EXPOSED: Charles Dickens
When his father was sent to debtor's prison in 1824, Dickens left school to work at a rodent-infested boot-blacking factory to help support his family.
After attending several lectures by John Elliotson in 1838, Charles Dickens became fascinated with mesmerism. He attempted to use mesmeric techniques to help his family and friends John Leech, illustrator of A Christmas Carol, and Augusta de la Rue.
Obsessed with the earth's magnetic field, he insisted that his bed face north wherever he slept.
Dickens kept a pet raven named Grip until 1841. After Grip's untimely demise, Dickens had his favourite pet's body stuffed and mounted.
Half an hour before the start of a public reading of his work, Dickens would drink a raw egg beaten into a tumbler of sherry.
Dickens combed his hair hundreds of times a day.
Dickens frequented the Paris Morgue, often viewing the bodies of suicides, murder victims, and drowning victims. He was also known to traipse about with the Thames River police looking for dead bodies and gossiping about suicides.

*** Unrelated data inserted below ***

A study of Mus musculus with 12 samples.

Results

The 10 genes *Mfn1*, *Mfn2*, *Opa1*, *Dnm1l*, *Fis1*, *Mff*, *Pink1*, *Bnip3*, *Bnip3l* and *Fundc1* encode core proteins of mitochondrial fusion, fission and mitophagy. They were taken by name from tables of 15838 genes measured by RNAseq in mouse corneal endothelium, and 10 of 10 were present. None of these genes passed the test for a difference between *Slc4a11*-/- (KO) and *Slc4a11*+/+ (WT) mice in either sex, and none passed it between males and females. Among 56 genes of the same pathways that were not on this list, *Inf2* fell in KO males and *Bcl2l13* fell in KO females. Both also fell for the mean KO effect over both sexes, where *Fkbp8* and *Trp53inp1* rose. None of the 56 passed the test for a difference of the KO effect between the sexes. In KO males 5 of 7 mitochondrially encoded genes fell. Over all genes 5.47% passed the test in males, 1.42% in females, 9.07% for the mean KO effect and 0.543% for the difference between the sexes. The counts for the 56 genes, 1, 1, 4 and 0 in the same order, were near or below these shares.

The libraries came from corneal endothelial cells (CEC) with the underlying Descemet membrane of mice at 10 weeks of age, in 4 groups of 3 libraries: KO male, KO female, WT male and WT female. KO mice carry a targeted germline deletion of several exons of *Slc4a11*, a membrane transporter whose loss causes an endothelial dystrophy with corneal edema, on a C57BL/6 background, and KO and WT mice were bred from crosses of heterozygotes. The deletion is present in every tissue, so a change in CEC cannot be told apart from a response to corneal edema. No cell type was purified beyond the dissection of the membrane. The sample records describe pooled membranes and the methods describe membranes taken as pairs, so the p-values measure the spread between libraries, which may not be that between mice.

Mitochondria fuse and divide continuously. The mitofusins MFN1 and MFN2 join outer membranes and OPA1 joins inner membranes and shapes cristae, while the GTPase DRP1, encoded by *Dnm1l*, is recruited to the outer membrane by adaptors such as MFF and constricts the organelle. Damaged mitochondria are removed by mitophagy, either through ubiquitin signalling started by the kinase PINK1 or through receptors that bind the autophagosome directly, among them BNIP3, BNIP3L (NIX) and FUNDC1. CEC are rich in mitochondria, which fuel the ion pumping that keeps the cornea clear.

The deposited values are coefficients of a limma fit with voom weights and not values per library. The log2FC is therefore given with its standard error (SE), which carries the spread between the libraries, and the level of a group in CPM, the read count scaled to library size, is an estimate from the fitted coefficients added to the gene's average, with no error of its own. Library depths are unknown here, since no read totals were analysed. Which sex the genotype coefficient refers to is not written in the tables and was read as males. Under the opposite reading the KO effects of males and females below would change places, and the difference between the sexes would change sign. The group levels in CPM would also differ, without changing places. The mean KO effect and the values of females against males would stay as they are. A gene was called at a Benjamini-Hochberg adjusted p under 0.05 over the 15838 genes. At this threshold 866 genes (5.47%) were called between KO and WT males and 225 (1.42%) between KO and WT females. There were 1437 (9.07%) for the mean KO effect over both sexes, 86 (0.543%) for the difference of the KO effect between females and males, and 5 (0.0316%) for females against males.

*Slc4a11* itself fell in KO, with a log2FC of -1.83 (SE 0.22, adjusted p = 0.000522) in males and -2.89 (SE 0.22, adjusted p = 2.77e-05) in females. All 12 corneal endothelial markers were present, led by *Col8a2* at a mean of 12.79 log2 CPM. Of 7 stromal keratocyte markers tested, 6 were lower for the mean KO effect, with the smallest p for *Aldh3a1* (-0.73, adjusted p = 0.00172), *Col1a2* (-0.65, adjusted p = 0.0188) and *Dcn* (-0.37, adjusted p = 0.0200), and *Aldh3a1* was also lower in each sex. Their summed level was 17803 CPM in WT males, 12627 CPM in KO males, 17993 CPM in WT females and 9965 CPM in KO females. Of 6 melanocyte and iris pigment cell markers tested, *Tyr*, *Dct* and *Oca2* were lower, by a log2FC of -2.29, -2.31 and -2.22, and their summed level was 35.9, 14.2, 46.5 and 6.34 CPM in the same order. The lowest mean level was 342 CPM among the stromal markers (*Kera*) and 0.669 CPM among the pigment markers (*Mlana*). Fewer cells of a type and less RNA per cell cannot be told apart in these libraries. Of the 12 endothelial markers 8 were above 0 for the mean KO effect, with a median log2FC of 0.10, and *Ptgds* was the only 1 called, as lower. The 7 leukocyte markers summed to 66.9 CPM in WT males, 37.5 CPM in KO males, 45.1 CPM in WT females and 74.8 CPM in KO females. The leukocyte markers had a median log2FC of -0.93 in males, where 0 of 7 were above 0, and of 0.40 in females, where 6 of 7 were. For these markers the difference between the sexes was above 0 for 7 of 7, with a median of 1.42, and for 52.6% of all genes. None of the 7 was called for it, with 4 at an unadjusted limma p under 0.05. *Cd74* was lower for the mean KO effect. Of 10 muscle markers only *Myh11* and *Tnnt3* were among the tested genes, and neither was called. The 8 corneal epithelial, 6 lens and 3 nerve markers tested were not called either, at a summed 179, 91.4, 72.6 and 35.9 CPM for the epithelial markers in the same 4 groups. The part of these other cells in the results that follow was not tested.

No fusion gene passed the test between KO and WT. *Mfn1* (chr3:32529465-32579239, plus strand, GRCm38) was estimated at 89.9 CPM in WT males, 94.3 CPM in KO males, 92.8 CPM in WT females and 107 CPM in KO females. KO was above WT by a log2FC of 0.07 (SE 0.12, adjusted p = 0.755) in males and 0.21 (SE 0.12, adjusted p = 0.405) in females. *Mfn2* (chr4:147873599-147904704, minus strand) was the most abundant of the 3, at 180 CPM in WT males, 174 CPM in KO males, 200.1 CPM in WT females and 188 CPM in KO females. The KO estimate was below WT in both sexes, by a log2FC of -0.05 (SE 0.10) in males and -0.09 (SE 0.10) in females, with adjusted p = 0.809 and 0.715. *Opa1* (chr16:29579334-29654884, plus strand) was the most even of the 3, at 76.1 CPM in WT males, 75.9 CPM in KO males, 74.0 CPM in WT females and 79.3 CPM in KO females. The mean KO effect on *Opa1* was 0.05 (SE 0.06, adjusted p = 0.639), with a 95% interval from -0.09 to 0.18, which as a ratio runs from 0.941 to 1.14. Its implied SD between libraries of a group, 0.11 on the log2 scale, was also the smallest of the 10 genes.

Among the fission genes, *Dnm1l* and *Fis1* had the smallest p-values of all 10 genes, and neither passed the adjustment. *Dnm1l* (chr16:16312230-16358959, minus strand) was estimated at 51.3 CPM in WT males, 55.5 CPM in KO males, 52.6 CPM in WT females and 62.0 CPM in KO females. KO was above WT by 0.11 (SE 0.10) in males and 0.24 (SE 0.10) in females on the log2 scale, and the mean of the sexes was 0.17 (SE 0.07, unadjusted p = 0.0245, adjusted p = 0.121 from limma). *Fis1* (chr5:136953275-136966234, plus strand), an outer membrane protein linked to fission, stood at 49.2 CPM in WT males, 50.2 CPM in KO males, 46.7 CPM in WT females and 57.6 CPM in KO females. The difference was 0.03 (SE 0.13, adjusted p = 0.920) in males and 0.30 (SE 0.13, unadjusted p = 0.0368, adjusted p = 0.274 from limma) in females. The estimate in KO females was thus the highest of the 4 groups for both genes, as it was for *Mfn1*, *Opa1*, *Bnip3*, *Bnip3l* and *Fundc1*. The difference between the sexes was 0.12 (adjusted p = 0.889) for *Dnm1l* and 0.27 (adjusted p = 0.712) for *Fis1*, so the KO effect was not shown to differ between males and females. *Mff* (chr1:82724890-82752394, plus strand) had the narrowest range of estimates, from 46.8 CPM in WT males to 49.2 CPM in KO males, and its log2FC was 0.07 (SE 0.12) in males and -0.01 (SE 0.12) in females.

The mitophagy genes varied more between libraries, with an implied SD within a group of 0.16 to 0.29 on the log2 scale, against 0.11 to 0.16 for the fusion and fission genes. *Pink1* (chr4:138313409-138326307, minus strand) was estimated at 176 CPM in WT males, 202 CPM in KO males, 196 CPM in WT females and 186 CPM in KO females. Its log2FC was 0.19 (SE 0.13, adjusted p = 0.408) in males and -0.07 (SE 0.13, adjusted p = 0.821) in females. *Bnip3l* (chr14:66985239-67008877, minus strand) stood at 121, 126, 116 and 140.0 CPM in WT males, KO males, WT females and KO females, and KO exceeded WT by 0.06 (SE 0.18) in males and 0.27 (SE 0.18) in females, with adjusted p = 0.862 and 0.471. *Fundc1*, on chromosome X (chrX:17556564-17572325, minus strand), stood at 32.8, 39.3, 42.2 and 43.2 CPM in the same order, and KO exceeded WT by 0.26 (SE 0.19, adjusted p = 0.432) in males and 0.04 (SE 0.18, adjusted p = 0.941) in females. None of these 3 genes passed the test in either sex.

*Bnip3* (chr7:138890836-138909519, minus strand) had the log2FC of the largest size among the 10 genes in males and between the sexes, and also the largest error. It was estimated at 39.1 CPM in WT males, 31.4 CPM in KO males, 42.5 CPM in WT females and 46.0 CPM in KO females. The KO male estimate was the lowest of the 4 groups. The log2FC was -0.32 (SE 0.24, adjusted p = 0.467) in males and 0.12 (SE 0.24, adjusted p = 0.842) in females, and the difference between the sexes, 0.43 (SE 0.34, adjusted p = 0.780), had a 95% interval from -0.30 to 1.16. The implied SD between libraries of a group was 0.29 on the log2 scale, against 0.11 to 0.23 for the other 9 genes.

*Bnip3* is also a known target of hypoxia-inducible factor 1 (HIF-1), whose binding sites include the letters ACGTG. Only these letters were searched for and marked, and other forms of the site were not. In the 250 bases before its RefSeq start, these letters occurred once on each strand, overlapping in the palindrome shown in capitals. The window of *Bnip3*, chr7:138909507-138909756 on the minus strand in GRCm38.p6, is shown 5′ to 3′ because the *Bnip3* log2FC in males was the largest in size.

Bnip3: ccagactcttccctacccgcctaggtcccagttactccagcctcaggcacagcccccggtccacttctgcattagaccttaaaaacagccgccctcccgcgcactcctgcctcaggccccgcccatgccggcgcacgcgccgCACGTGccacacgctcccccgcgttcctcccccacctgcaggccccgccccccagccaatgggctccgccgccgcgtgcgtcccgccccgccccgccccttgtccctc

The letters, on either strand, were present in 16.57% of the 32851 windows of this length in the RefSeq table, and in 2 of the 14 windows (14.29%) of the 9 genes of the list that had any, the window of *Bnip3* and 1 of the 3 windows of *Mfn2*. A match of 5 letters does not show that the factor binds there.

In May 1846 Angela Burdett Coutts approached Dickens about setting up a home for the redemption of prostitutes. After initially resisting, Dickens eventually founded the home, named "Urania Cottage", in the Lime Grove section of Shepherds Bush.
In 1862, Dickens became part of London's Ghost Club, a group which investigated spiritualist phenomena and met often to discuss ghostly subjects.
Dickens was travelling in the first class carriage with his mistress Ellen Ternan and her mother on 9 June 1865 at 3:13 pm when the train derailed at Staplehurst, Kent, killing ten passengers and injuring forty. He died exactly five years after this accident after suffering a stroke at Gad's Hill Place.